Oct. 11, 2005
Groups urge Philippines president to probe killings of activists, clergy
by Maurice Malanes
Ecumenical News International
MANILA - Church and development groups from around the world are calling on Philippine President Gloria Macapagal-Arroyo to investigate the killings of more than 30 human-rights activists, including clergy members, since the first of the year.
"We are deeply concerned at the killings of 34 activists in the Philippines so far in the year 2005," the groups said in Oct. 7 letters to President Arroyo and to the Philippine army chief of staff, Lt. Gen. Generoso S. Senga. The letters were released by the Geneva-based group, Ecumenical Advocacy Alliance.
More than 30 people signed the letters, including representatives of the World Council of Churches (WCC), the Lutheran World Federation, World Alliance of Reformed Churches, Franciscans International and the Young Women's Christian Association. They demanded "immediate and impartial investigations into all recent extra-judicial executions."
The signatories cited three recent killings alleged to have been committed by agents of the military: Diosdado Fortuna was shot in the back on Sept. 22 in Laguna Province, south of Manila; the Rev. Raul Domingo of the United Church of Christ in the Philippines died on Sept. 4, two weeks after being shot in Puerto Princesa in the island of Palawan; and Norman Bocar was shot in the head on Sept. 1 in Borongan, Eastern Samar, in central Philippines.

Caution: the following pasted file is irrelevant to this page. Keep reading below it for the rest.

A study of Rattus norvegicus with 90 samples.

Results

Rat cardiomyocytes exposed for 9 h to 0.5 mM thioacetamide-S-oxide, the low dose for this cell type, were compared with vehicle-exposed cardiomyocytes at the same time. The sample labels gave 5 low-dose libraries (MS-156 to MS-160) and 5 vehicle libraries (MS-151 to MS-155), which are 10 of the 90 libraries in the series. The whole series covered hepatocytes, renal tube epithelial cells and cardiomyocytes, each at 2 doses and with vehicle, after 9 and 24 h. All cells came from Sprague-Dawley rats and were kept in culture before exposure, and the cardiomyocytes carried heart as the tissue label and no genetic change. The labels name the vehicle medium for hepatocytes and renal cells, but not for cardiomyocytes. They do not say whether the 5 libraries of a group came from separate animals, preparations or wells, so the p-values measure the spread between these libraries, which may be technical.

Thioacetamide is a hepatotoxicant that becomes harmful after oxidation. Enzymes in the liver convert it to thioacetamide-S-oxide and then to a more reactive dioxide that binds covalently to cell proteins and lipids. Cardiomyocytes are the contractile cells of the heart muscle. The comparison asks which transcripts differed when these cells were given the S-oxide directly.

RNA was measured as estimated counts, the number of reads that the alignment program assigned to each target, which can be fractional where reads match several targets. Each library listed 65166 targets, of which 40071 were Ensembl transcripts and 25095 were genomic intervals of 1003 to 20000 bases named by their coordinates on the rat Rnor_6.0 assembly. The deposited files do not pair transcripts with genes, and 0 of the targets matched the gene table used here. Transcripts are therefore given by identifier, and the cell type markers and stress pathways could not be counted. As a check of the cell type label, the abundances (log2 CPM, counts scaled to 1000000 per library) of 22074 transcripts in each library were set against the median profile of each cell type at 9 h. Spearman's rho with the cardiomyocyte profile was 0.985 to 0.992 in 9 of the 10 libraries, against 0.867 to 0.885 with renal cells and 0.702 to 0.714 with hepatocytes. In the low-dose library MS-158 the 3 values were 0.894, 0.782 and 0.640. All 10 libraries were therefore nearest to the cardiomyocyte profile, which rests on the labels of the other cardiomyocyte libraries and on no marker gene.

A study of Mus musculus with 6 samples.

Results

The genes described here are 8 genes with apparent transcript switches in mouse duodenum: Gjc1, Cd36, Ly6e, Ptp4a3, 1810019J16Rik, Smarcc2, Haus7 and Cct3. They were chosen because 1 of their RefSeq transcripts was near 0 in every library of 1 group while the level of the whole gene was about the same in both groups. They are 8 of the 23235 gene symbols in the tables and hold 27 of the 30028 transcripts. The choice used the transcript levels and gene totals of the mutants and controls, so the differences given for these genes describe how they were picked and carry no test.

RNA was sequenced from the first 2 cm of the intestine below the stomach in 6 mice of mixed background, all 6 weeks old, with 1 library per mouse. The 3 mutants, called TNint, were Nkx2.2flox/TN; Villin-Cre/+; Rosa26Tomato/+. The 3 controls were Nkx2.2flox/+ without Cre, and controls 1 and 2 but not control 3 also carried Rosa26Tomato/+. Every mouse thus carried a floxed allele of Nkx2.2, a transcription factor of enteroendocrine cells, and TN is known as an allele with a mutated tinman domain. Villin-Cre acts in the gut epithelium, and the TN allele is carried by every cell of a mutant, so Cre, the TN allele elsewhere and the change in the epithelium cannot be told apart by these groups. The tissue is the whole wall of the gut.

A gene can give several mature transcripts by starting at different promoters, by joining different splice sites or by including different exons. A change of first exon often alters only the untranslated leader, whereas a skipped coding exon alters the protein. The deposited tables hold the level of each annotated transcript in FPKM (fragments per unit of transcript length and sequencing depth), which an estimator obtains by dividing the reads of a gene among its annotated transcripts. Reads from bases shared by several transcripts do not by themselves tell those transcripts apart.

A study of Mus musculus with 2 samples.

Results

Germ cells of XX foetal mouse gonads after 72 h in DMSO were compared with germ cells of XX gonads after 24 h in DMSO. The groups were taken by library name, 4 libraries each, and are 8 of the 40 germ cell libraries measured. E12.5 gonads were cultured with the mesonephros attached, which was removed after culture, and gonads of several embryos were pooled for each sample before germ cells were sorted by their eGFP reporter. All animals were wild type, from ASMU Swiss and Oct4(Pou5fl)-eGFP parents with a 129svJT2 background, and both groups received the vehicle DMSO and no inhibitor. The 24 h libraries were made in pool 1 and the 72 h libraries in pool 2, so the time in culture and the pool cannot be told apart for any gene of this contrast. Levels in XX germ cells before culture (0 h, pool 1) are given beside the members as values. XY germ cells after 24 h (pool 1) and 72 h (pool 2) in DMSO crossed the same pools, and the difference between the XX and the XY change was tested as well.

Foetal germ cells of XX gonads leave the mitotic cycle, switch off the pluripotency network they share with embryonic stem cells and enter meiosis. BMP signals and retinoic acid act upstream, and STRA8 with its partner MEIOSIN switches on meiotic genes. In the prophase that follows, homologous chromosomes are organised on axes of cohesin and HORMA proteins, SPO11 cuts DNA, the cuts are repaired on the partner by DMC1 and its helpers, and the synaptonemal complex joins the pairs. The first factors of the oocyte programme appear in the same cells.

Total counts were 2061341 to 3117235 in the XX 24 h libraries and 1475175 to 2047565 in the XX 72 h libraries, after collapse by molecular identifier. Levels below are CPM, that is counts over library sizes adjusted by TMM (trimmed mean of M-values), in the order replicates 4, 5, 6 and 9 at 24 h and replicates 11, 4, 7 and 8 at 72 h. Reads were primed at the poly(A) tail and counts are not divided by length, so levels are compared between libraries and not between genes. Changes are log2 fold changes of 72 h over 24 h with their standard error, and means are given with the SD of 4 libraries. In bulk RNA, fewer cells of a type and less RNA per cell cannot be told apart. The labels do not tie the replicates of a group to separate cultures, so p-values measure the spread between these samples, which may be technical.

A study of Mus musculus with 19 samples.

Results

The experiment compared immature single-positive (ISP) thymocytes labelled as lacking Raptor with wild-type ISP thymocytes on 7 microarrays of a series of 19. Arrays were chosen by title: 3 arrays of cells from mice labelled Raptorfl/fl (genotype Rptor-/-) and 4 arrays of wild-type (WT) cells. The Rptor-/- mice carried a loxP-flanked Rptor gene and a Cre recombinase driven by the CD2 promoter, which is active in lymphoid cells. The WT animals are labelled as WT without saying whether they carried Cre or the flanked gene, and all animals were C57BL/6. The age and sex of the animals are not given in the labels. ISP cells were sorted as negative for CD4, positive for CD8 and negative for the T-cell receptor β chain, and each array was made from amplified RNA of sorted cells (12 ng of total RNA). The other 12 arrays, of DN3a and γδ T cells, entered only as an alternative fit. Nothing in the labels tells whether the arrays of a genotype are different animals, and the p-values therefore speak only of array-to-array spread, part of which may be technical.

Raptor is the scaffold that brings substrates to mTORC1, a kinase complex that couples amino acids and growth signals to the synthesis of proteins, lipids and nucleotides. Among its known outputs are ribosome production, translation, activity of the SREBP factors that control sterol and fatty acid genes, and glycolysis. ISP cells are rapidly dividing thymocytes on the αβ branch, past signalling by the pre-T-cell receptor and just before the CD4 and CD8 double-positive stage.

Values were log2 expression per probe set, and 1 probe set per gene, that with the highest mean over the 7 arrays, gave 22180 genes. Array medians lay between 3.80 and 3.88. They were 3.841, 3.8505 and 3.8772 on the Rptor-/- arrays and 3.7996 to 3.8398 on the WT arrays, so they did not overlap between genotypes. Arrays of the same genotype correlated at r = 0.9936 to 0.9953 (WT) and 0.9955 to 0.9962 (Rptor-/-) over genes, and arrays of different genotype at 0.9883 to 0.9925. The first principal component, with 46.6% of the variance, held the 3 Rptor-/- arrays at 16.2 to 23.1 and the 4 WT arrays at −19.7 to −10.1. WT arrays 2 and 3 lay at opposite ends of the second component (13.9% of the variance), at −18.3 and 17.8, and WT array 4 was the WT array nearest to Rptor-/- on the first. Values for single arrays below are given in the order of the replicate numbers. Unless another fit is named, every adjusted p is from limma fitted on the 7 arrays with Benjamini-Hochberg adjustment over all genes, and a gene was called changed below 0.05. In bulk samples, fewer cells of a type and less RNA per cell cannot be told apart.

"We mourn each of those killed and we deplore the ongoing violence and killing," the signatories said. "We stand in solidarity with the struggle of the Filipino people to achieve their civil, political, economic, social and cultural rights."
The letter referred to the report of a delegation sent to the Philippines in July by the WCC and the Christian Conference of Asia. That report observed that increasing numbers of activists, including church workers, were being murdered, and spoke of intimidation, illegal detention and torture of peasants working for rich landlords.
The Oct. 7 letter urges the Arroyo government to promote agrarian reforms and give rural people greater access to the country's natural resources. It also calls for the repeal of legislation, including the Mining Act of 1995, that it claims "puts corporate profit before the interests of people and the environment."
Sarah Ford of U.S.-based Lutheran World Relief said: "We are concerned with the increasing threats to religious leaders and civil society representatives struggling for their land, property, and cultural rights. We call upon the government of the Philippines to work with churches and NGO leaders to bring an end to the violence."